KOCHI -- A group of 10 people including former fishermen who developed cancer after sailing near a 1954 U.S. hydrogen bomb test site on the Bikini Atoll in the Pacific Ocean have filed a workers' compensation claim.
The plaintiffs -- six former fishermen in their 80s and four bereaved family members of former fishermen, all from Kochi Prefecture -- filed the claim with the Japan Health Insurance Association on Feb. 26, seeking coverage under mariners' insurance.
The six H-bomb tests took place from March 1 through May 14, 1954, primarily on the atoll in the Marshall Islands. After the first test, the Daigo Fukuryu Maru tuna fishing boat, based in Shizuoka Prefecture, was exposed to radioactive fallout. The vessel's head radio operator, 40-year-old Aikichi Kuboyama, died six months later.
Other fishing boats operating across a large area around the atoll were also affected, but the some 10,000 crew on those vessels have not been granted any relief to date. The Feb. 26 filing of the mariners' insurance benefit applications marked the first such submission by former fishermen other than those aboard the Daigo Fukuryu Maru.
The former fishermen from Kochi Prefecture were on board seven tuna boats, including Daini Kosei Maru, Daigo Myoga Maru, and Dainana Dai Maru. If the plaintiffs' applications are accepted, they will be granted medical expenses and bereaved family pensions.
In January this year, Masatoshi Yamashita, 71, secretary-general of the Kochi Prefecture-based citizens group "Taiheiyo Kakuhisai Shien Center" (Pacific Ocean nuclear disaster support center), visited the former fishermen to confirm their intentions. The Kochi Prefectural Government also lent a helping hand, querying hospitals in and outside the prefecture that keep surgery and other records of the former fishermen, and checking the procedures for claiming necessary documents.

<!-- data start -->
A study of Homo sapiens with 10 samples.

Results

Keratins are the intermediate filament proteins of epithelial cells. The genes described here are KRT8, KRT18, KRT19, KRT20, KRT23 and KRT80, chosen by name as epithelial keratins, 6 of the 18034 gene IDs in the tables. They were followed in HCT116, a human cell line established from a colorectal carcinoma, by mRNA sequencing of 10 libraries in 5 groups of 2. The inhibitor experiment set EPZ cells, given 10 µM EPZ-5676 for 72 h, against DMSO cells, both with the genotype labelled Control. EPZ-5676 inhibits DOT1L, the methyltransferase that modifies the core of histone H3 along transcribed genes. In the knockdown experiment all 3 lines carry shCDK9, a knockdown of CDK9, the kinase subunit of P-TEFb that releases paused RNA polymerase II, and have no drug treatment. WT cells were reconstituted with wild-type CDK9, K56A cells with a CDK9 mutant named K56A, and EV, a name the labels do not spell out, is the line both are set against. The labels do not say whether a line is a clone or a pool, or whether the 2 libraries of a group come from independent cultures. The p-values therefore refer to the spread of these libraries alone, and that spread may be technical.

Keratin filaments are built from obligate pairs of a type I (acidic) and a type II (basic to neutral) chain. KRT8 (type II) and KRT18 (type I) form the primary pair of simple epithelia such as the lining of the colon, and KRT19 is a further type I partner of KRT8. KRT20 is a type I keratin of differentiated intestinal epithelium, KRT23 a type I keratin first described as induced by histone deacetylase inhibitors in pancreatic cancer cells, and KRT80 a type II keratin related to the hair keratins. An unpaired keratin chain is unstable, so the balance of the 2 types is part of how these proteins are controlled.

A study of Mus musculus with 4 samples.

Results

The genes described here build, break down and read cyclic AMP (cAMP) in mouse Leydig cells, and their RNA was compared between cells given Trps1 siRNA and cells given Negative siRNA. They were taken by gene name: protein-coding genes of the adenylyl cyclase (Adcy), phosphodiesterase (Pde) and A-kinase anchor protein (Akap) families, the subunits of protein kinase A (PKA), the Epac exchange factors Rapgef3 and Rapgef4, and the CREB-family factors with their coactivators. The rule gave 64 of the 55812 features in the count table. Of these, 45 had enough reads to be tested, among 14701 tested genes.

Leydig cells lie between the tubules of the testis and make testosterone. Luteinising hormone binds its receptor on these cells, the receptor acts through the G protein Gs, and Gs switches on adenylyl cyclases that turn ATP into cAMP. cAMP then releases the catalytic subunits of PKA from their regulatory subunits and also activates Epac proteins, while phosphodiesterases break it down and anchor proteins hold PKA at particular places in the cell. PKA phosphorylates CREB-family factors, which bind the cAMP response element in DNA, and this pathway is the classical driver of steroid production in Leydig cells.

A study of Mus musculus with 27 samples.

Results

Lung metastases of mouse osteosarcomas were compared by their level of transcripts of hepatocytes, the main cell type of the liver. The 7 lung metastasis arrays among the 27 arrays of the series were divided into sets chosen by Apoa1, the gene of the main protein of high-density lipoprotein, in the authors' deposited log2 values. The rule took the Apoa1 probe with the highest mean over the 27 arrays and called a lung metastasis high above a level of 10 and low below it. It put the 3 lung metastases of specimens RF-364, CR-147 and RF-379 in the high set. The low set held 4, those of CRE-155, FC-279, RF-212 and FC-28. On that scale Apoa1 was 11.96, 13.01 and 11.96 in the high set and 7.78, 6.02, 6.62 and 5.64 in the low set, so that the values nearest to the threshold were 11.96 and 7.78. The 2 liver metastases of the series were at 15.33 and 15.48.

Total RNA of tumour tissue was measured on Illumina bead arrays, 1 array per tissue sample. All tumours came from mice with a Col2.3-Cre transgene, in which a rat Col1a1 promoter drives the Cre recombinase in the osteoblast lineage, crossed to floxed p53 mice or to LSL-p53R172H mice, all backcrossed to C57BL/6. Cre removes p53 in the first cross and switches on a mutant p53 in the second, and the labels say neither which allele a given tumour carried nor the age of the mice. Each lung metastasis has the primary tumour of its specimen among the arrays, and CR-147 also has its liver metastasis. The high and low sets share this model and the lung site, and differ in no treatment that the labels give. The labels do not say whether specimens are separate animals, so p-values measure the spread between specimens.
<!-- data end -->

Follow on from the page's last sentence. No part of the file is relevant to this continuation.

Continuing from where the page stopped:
Out of the approximately 10,000 fishermen believed to have been affected by the Bikini nuclear test fallout, several hundred are apparently living in Kochi Prefecture -- home to many of the fishing boats that were exposed to radiation.
Meanwhile, a research group set up by the Ministry of Health, Labor and Welfare in January last year is expected to release results of research into the issue by the end of May. A representative of the Japan Health Insurance Association said, "We would like to wait for the labor ministry's research results first. We will then make a decision by the end of the year while referencing opinions from doctors and other experts."
On Feb. 26, the plaintiffs' representatives and supporters including Yamashita visited the Kochi branch of the Japan Health Insurance Association and submitted the application papers, the copies of mariners' pocket ledgers, and death certificates, among other documents.